We at AH2 Legal sometimes get questions from people who have been accused of being cruel to their pets. Sometimes, people get into trouble with the law and end up having to go to Court to defend themselves for their actions against their own pets at home.

It is important to understand that people are responsible for their actions against animals in Australia and that there are significant consequences for people who are guilty of being cruel to animals.

In Western Australia, the Animal Welfare Act 2002 (WA) (the Act) establishes the responsibilities of persons keeping or working with animals in Western Australia and sets out offences relating to cruelty to animals.

The Act covers all amphibians, reptiles, birds and mammals other than humans. It does not cover invertebrates or fish. The Act gives investigatory powers to the Royal Society for the Prevention of Cruelty to Animals (RSPCA) and the Department of Primary Industries and Regional Development.  

Cruelty to Animals

In Western Australia, section 19 of the Act makes cruelty to animals an offence. Cruelty to animals is defined to include:

  • poisoning an animal;
  • using a prescribed inhumane device on an animal;
  • torturing, mutilating, beating, wounding, abusing, tormenting or mistreating an animal; and
  • in any other way causing harm to an animal.

A person can be found to have been cruel to an animal if they have:

  • failed to provide adequate food and water;
  • failed to provide adequate shelter;
  • abandoned the animal;
  • confined, restrained or caught an animal in a manner that causes unnecessary harm;
  • transported an animal in a way that causes it unnecessary harm;
  • worked, driven, ridden or used it when it was not fit to be used or in a manner that causes unnecessary harm;
  • subjected the animal to an unprescribed surgical procedure; or
  • otherwise caused unnecessary harm to an animal.

The maximum penalty for an offence of cruelty to animals under section 19 of the Act is a fine of $50,000 and imprisonment for 5 years.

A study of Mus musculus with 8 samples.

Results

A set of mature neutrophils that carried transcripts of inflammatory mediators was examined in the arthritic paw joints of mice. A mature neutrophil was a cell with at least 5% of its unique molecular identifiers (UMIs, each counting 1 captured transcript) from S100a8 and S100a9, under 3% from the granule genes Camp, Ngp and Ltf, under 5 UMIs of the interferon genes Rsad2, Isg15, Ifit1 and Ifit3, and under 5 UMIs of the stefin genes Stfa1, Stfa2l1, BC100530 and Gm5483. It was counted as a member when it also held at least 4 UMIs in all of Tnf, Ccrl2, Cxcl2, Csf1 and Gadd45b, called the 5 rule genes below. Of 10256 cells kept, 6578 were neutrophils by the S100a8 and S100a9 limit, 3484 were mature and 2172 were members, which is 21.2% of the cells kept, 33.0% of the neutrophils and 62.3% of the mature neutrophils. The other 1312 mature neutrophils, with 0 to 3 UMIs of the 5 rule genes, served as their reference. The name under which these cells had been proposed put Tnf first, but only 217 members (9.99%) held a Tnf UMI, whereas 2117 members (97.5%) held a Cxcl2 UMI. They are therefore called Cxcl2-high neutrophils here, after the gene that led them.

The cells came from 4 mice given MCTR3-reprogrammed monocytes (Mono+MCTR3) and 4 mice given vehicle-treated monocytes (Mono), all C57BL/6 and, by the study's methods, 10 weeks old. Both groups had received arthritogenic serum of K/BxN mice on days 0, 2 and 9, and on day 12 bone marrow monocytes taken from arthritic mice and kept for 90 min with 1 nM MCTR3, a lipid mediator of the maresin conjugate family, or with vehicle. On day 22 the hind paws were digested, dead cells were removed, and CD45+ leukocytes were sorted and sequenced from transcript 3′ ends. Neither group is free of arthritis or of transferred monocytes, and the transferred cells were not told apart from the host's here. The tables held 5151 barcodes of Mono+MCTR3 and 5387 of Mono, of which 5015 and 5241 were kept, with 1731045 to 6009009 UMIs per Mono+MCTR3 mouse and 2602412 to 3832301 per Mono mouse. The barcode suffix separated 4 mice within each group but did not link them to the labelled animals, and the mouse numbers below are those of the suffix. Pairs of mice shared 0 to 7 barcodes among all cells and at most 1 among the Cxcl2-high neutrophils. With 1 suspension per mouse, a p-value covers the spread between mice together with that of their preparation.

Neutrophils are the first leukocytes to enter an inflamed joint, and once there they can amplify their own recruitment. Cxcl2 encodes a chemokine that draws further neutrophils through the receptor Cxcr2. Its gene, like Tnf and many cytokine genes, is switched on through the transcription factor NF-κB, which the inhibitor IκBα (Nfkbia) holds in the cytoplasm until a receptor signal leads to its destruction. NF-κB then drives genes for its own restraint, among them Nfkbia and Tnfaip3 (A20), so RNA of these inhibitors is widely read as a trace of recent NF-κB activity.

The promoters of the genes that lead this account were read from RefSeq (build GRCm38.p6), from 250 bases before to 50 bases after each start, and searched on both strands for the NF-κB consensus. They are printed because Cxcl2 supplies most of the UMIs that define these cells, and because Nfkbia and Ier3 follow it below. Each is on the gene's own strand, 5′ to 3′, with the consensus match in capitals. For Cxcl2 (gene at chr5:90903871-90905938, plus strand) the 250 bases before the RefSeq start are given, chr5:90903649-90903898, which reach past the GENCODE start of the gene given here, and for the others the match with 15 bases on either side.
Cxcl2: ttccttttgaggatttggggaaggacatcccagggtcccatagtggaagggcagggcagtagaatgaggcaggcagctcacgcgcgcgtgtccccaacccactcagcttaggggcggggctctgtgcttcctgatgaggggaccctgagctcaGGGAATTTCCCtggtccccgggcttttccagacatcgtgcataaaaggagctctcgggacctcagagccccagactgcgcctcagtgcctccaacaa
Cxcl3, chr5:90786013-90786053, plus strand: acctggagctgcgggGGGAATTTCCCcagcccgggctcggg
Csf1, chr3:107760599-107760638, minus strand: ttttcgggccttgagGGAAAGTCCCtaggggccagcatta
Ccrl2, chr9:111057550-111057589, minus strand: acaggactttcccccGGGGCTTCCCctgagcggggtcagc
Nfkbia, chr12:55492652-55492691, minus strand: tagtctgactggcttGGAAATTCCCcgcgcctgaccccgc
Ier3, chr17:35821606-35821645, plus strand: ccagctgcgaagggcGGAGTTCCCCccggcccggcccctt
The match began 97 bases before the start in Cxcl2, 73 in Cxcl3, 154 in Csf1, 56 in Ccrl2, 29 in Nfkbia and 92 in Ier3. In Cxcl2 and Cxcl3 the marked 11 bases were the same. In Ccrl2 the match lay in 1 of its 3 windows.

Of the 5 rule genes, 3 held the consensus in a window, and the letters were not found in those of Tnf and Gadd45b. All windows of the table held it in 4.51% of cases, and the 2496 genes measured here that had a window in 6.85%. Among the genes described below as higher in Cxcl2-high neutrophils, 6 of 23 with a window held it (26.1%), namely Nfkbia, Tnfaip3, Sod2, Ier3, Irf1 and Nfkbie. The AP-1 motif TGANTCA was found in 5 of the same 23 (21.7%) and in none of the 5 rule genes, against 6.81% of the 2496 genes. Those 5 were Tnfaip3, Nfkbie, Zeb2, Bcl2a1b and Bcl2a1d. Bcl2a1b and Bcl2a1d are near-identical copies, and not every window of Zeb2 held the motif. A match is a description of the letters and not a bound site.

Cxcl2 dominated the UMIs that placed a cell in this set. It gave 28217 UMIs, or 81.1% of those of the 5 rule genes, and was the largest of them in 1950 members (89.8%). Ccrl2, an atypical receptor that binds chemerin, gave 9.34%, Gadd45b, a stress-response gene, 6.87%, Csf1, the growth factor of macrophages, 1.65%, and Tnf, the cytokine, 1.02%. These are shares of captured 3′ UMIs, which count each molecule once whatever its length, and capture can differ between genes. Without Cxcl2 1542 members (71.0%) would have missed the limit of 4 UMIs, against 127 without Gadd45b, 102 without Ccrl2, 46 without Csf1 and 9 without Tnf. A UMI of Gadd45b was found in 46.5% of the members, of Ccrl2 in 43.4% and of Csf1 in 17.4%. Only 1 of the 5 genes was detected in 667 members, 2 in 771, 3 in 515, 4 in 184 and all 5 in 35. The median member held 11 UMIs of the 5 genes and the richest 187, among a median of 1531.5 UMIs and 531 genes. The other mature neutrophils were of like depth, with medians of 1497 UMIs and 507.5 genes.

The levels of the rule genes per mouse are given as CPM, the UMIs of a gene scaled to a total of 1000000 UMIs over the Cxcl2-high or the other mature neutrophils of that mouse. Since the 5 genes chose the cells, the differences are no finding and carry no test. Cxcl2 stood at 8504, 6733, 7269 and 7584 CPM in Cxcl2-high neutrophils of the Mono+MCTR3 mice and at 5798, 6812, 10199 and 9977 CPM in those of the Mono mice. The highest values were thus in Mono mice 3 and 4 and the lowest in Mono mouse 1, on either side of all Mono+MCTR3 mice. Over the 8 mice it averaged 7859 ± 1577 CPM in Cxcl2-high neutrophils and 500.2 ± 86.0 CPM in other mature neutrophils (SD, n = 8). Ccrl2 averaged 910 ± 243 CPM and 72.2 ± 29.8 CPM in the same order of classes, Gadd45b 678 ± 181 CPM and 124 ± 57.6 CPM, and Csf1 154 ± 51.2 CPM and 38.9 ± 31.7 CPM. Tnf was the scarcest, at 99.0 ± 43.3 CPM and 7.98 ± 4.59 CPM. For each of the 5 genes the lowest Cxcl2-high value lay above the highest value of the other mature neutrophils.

Possess thing intended to inflict cruelty

Section 31 of the Act makes it an offence to possess a thing with the intention of using it to inflict cruelty to animals. The maximum penalty for this offence is a fine of $20,000 and imprisonment of 1 year.

Shooting, Hunting or Fighting captive animals

Section 32 of the Act makes it an offence to take part in, spectate at, organise, promote or allow a prohibited activity to occur. Prohibited activities are activities where an animal is shot at, hunted, fought or chased by another animal. The maximum penalty for this offence is a fine of $50,000 and imprisonment for 5 years.


Under Section 20 of the Act, a person is not guilty of an offence if they were acting in self-defence or defence of another person or animal and used no more force than was reasonably necessary. However, this defence cannot be used if the person was engaged in an unlawful act at the time the act of cruelty occurred or if the person provoked the animal to attack.

Enforcement of the Law

The provisions relating to cruelty to animals offences are usually enforced by RSPCA inspectors and the Livestock Compliance Unit, who respond to complaints of cruelty to animals and carry out compliance and enforcement actions in Western Australia. If you have been charged for an act of cruelty against any animal, you should immediately seek legal advice to see what your options are in light of such an action.